Syrian Rebel Fighter
A rebel fighter fires at pro-regime fighters, during clashes in the eastern Syrian town of Deir Ezzor, on March 13, 2014. Photographer: Ahmad Aboud/AFP via Getty Images

More than 350,000 people will have died in Syria’s civil war by next year if peace talks don’t restart, United Nations mediator Lakhdar Brahimi said in an effort to keep an international spotlight on the conflict.

“I told the Security Council that Syria cannot be placed on a back burner,” Brahimi told the UN General Assembly yesterday, according to a transcript. “A crisis of this magnitude needs the full attention of this organization.”

With the Security Council set to take up a resolution today on Russia’s move into Ukraine, Brahimi sought to underscore the continuing human and economic costs of Syria’s civil war, which entered its fourth year this week with more than 130,000 people killed. He said more than 300 Syrians flee their homes every hour.

“Every additional day of the conflict costs Syria over $100 million in its gross domestic product,” which by the end of last year contracted by 42 percent from its pre-war level, Brahimi said. Three years of war have cost Syria more than 30 years of development, Brahimi said ahead of a trip to a Iran, a major backer of President Bashar al-Assad’s regime.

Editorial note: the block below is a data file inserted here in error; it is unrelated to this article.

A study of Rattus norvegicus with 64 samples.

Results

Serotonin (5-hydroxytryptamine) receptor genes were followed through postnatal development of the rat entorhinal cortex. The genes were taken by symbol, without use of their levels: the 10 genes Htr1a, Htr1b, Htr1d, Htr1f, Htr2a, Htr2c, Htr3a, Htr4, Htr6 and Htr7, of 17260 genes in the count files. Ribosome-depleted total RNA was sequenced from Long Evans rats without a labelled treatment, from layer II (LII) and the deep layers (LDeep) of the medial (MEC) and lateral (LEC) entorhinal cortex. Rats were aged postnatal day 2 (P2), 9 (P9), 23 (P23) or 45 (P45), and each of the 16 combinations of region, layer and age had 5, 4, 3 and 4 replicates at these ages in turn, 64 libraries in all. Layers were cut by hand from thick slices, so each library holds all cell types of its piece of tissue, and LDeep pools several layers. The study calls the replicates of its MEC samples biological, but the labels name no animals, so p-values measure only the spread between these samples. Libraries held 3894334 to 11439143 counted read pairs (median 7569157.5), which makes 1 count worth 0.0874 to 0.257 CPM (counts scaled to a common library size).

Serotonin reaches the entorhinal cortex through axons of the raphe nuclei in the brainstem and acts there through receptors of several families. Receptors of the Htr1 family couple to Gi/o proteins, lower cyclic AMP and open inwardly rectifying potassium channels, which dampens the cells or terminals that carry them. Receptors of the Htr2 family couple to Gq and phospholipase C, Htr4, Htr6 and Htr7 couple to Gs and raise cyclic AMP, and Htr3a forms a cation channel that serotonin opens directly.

Brahimi will arrive in Tehran tomorrow, UN spokesman Stephane Dujarric said in an e-mail. UN Secretary-General Ban Ki-moon said yesterday that Iran can play a crucial role in pressuring the Syrian government to participate in the peace process “in a more constructive way.”

The Brahimi-led peace talks known as Geneva II collapsed last month as the Assad government and the opposition disagreed on whether a political transition is needed to end the conflict.

‘Power Brokers’

Hadi al-Bahra, the chief negotiator for the main Western-backed opposition group in Syria, said the crisis in Ukraine “took the spotlight” away.

How the “power brokers work out the situation in Ukraine in relation to other issues” such as negotiations on the Iranian nuclear program, and how the U.S. sees its role in the world, will determine whether there can be progress on the failed peace talks, Bahra told reporters yesterday in New York.

Syrian Ambassador to the UN Bashar Jaafari yesterday reiterated his government’s position that peace talks must focus on combating terrorism. Assad maintains that the conflict is a battle against foreign-backed terrorists and extremists, not a civil war.